With COVID-19 vaccines becoming more available in the United States, millions of healthcare workers are now fully vaccinated.
However, some clinicians are still hesitant. Nurse Manager Barb Bosah, MS, RN, PCCN, was initially reluctant to get vaccinated due to cultural influences and the desire for more long-term scientific data. However, it was the support from family, role models and co-workers that ultimately helped her decide to get vaccinated.
AACN Clinical Practice Specialist Jenny Nelson spoke to Bosah about her journey and what she would encourage other nurses to consider if they are on the fence. View the video and the transcript below.
Jenny: You have a very interesting experience with making the decision of finding out about the COVID vaccine and working through whether or not that was the right choice for you. You had a little bit of skepticism at first and a little hesitancy about that. Tell me about that.
Barb: I'll be honest. Initially, when I heard about the COVID vaccine, I was quite skeptical. I didn't know what to think. I felt unsure. I felt scared. I felt like the vaccine came out way too soon. Most of the people around my circle shared the same belief as myself in the sense of, wow, the quick turnaround.
I also felt some family pressure. I'm originally from Nigeria in West Africa, and we do have our beliefs and we're not one to jump forward when things just come out. We have to take a moment to pause and see what's out there, look at the research. Then I was conflicted being a nurse, knowing we want to practice based on the evidence. I also look at myself as an African American, as an African, as a Black woman. I'm also looking at my past medical history. I'm at high risk, I'm susceptible to gain COVID and that's scary.
As a leader, I had to think, I had to make sure I was making the right decision and that's being open and talking to anyone. When I say anyone, family, my peers, my team, my supervisor and also putting my myself out there to get my information.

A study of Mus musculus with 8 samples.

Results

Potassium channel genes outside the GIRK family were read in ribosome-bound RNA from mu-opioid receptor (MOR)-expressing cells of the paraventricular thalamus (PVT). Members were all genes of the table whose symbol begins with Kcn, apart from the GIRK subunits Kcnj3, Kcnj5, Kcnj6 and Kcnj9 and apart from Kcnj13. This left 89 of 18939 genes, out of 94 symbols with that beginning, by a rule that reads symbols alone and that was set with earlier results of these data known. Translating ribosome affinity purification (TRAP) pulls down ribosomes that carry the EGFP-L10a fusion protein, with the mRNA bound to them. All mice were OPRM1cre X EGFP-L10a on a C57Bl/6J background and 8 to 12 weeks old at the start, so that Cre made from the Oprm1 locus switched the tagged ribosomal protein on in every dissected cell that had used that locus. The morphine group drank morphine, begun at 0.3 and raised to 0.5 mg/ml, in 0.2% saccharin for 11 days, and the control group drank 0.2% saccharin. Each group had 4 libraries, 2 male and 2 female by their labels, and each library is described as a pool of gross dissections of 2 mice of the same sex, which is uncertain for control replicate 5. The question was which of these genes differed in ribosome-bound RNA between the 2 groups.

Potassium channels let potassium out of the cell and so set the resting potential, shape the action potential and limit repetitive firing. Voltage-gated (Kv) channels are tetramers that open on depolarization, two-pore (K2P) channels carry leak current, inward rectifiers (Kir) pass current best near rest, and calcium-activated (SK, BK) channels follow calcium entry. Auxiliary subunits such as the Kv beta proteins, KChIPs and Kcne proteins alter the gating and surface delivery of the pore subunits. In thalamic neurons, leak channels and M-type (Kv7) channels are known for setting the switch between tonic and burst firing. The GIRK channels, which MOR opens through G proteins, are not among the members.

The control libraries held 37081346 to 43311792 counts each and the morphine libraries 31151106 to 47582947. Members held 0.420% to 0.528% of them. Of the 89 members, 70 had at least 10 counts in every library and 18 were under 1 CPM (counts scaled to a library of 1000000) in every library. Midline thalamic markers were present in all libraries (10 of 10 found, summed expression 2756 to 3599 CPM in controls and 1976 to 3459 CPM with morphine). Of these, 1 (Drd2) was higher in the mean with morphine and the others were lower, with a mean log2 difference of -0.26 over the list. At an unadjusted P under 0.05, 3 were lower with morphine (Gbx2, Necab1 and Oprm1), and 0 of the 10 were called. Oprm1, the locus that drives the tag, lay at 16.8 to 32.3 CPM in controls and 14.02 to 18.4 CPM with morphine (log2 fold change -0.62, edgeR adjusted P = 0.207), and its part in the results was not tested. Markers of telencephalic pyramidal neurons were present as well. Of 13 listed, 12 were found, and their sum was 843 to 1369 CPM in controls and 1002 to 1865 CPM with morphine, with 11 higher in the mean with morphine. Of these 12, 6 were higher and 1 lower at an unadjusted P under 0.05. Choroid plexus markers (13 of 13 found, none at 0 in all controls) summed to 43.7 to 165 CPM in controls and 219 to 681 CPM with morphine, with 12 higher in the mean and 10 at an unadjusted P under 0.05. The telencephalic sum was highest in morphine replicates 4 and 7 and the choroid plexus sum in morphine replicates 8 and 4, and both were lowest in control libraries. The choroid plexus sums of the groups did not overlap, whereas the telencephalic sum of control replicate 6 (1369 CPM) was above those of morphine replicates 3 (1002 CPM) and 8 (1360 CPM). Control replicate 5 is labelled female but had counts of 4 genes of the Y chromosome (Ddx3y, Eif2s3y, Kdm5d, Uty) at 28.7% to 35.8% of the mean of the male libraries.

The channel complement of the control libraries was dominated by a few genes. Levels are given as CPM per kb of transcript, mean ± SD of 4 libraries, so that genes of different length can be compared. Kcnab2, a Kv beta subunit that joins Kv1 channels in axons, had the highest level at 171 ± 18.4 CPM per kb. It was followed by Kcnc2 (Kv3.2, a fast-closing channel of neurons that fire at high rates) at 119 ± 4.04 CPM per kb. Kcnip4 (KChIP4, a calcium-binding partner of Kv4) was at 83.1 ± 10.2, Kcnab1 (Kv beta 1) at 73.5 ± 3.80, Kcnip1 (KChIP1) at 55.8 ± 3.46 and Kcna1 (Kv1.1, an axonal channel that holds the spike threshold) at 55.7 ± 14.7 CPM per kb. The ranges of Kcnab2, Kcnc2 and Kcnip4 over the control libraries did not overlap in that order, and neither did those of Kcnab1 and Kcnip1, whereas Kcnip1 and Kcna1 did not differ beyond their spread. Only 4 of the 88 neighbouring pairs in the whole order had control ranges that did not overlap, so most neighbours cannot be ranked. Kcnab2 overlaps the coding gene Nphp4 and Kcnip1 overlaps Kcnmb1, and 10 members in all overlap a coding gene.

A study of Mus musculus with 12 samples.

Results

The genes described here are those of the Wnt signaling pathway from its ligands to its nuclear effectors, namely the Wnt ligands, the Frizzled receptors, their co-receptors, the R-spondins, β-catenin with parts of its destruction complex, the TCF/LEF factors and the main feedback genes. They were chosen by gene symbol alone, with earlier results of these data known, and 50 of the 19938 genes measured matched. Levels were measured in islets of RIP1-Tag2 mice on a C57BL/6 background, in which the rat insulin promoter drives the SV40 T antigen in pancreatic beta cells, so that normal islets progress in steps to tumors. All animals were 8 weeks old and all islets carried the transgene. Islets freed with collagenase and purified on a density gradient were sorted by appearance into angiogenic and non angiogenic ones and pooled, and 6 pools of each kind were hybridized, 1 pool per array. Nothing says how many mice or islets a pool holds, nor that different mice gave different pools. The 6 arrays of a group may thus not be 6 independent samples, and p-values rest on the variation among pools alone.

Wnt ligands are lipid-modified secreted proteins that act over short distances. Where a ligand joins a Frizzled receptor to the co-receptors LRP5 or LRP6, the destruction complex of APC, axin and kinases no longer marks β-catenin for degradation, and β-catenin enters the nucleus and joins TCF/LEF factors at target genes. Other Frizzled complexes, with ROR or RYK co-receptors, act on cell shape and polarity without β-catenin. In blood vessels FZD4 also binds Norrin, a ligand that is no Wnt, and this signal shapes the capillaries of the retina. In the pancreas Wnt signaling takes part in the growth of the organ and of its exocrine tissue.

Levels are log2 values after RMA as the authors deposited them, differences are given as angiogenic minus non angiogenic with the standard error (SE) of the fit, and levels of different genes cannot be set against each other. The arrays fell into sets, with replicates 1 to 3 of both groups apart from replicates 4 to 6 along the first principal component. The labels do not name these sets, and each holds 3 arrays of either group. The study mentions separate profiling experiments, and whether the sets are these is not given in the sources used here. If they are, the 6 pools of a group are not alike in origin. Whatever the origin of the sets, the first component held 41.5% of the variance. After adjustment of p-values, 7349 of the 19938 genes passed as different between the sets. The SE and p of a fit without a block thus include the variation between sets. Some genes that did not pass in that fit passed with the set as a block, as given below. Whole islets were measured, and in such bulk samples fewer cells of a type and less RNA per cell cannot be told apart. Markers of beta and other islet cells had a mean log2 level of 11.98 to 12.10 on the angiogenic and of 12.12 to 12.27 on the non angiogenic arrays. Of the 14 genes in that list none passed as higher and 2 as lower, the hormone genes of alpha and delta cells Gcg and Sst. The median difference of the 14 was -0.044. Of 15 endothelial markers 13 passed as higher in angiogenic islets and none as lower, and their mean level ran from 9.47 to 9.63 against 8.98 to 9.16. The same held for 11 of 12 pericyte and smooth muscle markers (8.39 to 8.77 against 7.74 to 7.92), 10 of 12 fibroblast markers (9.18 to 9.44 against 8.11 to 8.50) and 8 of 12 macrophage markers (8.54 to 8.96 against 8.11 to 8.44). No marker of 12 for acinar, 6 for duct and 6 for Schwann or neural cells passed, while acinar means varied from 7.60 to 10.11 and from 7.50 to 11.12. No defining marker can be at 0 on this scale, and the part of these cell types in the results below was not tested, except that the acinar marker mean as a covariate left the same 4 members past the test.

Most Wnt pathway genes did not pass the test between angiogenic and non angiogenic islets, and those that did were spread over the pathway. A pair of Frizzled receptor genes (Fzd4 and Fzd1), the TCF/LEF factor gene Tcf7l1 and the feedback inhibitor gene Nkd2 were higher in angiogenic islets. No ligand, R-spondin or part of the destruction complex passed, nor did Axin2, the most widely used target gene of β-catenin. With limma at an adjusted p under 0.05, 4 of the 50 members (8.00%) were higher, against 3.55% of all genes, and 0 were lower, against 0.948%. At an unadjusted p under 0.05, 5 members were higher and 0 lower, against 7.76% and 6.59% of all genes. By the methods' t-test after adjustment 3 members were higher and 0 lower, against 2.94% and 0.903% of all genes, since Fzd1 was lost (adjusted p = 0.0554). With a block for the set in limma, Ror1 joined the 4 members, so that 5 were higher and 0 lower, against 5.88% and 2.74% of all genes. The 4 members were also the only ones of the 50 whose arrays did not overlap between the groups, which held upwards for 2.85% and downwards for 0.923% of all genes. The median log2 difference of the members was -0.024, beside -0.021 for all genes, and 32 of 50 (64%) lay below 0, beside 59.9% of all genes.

Jenny: How did you take those different influences and apply them into the evidence that you were seeing about the vaccine?
Barb: When the vaccine came out in December, there was a lot of information out there. But I can't speak more highly of my organization. We were prepared, and we were organized. We made sure we have the right information out there. Seeing other people who look like me sharing this story made a difference. And having the peer support of talking to my colleagues and asking them. I guess I wanted to share my story to see if it made sense. Mm I truly scared or just being chicken, or are my thoughts valid? That was rough, but I felt supported.
Jenny: We're in the same boat as where we have aging parents and we have school aged kids, too. Talk to me a little bit about your kiddos. How did they influence you? Where were they at on the spectrum of everything with COVID?
Barb: My daughter was scared, but that's her personality. You know what's funny and embarrassing? She knew more than I did. I came home, she would say, "So mama, the vaccines are out, so are you getting the vaccine?" And I'm like, "Oh yes, we'll talk about that later." But she kept insisting. So to me, I knew it mattered to her. It mattered to her that I'm safe.
Jenny: Was there one particular person who really influenced your decision and maybe got you to that point where you were, "Okay, yes, I'm sold on the evidence and I am ready to get my vaccine." Was there a person for you in the organization?
Barb: So I got my first vaccine and I have to say that day, I felt like I was going to some big event, right. I have myself prepped and brought my towel just in case. I came to work and was telling everyone, l'm getting my vaccine today. I wanted to be part of that club. I felt like I was the outsider being there for my staff and give resources to them and being open and transparent and all of them would take a vaccine. I was like, "I'm sharing this information, but I need to be a role model and lead by example, of course, after I made my conscious decision.
As much as I was kind of smiling deep down, I was afraid. But I don't know what I was afraid of, but I was scared. I said, "What if I'm the person who gets the reaction? What if I am the one that something bad happens to." But I stopped, kept going. The lady who gave me my shot, she was good. When she gave it to me I said, "Are you done?" And she said, "Yeah, I'm done." And it went very well.
I think I have shared my story, but one thing I learned and I was appreciative of the other people who were my soundboard, was not being pressured. There's nothing worse than someone telling you, you have to do something. For me, I can speak from my experience, was going to the individual I felt safe with. I felt, I had a relationship with. I have that relationship with my team. So when we do our town halls or safety huddles or staff meetings, we have multiple conversations. I'll ask what questions they have about the vaccine? And some of them will say, "You know what, now we know." Or "I don't think I'm ready for it." I listen. I think that's the most important thing.
Jenny: It's a really good story. I'm so glad you have kind of these solid grounded people in both areas of your life that you can soundboard and there's nothing better than having one of your kids being your biggest cheerleader too. I mean, that'll perk up a bad day when he walked through the door and you've got a great cheerleader like that. So I really appreciate you taking time and telling us your story and talking through this with us.